A lawsuit against Airbnb on racial discrimination cannot be decided by a jury trial, effectively blocking the possibility of a class-action lawsuit, a judge ruled Tuesday.
The U.S. district court judge said the company’s arbitration policy, to which users must agree to in its Terms of Service, requires all disputes between user and owner be decided in arbitration, rather than in a court of one’s peers.
“Mutual arbitration provisions in electronic contracts — so long as their existence is made reasonably known to customers — are enforceable, in commercial disputes and discrimination cases alike,” U.S. District Court Judge Christopher Cooper wrote.
Gregory Selden, who is African-American, is at the center of the case. Selden alleged that when trying to rent a room in Philadelphia using Airbnb, the host denied him because of his race. Selden’s profile contained his name and picture.
After he was rejected, Selden created a fake account using the picture of a white person, and the host agreed to rent him the room, according to court documents.
Short-term housing rental industry giant Airbnb now lists more than 1 million rooms available in 192 countries. The platform’s largest market is in New York City, with more than 25,000 listings per night, but it’s also where the debate over how to regulate short-term rentals is the most contentious. In light of a new report by the NY Attorney General that says nearly three-quarters of Airbnb’s listings in the city are technically illegal, the city is cracking down. Hari Sreenivasan reports.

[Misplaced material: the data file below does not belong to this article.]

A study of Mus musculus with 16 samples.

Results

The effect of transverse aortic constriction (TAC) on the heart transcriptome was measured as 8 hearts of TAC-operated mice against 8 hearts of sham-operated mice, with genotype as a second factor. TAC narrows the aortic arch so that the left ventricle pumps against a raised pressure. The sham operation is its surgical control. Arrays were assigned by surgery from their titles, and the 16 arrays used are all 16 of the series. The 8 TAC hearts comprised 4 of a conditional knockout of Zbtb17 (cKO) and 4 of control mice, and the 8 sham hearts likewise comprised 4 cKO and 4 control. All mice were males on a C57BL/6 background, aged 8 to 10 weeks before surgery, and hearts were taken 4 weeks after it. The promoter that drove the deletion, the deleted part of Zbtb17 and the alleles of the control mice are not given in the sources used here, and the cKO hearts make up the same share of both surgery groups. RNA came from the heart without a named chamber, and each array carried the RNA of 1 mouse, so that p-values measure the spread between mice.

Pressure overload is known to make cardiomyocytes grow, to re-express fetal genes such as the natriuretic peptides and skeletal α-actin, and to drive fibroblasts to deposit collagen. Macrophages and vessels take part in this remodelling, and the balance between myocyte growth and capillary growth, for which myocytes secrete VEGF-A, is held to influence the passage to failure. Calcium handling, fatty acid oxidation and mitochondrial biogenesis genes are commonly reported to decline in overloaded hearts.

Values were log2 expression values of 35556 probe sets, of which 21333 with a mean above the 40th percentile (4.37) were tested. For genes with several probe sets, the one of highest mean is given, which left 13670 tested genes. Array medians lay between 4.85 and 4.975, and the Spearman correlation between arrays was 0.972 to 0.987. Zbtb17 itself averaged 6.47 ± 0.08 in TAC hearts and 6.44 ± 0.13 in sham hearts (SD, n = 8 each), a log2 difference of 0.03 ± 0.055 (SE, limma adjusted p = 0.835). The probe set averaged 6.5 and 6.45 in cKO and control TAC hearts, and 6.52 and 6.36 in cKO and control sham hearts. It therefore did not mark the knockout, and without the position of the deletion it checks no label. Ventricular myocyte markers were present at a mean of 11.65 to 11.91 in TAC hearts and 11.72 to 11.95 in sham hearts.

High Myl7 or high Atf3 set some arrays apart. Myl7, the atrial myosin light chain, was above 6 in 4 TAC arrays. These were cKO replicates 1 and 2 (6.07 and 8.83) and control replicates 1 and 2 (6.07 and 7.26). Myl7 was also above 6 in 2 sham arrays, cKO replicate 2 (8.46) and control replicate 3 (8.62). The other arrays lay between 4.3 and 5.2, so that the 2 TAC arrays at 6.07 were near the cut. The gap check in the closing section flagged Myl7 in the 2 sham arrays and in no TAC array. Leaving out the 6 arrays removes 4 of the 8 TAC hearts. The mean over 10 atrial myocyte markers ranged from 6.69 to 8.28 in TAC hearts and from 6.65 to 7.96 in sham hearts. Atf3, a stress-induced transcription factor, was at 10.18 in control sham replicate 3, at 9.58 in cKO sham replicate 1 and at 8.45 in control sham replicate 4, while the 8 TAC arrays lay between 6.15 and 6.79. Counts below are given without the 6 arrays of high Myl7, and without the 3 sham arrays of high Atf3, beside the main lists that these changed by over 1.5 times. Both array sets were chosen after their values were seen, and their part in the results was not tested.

Selden sued Airbnb in May, claiming racial discrimination against him and other African-American users with similar grievances against the company. Supporters of Selden’s claim took to social media after he filed his suit, using #AirbnbWhileBlack to share their experiences with discrimination using the service.
Selden plans to appeal the judge’s decision to uphold the arbitration process, which his lawyer said gives Airbnb an unfair advantage.
“By placing Mr. Selden’s claims into arbitration, a consumer’s constitutional right to a jury trial and access to the courts of law continues to be whittled down gradually but surely,” attorney Ikechukwu Emejuru said in a statement.
In September, Airbnb responded to complaints of racial bias, apologizing for its slow response to discrimination accusations and putting out its own report detailing how it would make the service more inclusive.
The company did not remove photographs from users’ profiles, but all users must now agree to the Airbnb “Community Commitment,” which forbids discrimination, while saying users are part of an “Airbnb community,” the Associated Press reported.
This ruling comes at a time when other companies that rely on the gig economy are being accused of racial and gender discrimination. A study released last month asserted that drivers for ride-sharing companies Uber and Lyft discriminate against users with “African-American-sounding names” and that drivers took women on longer, more expensive trips.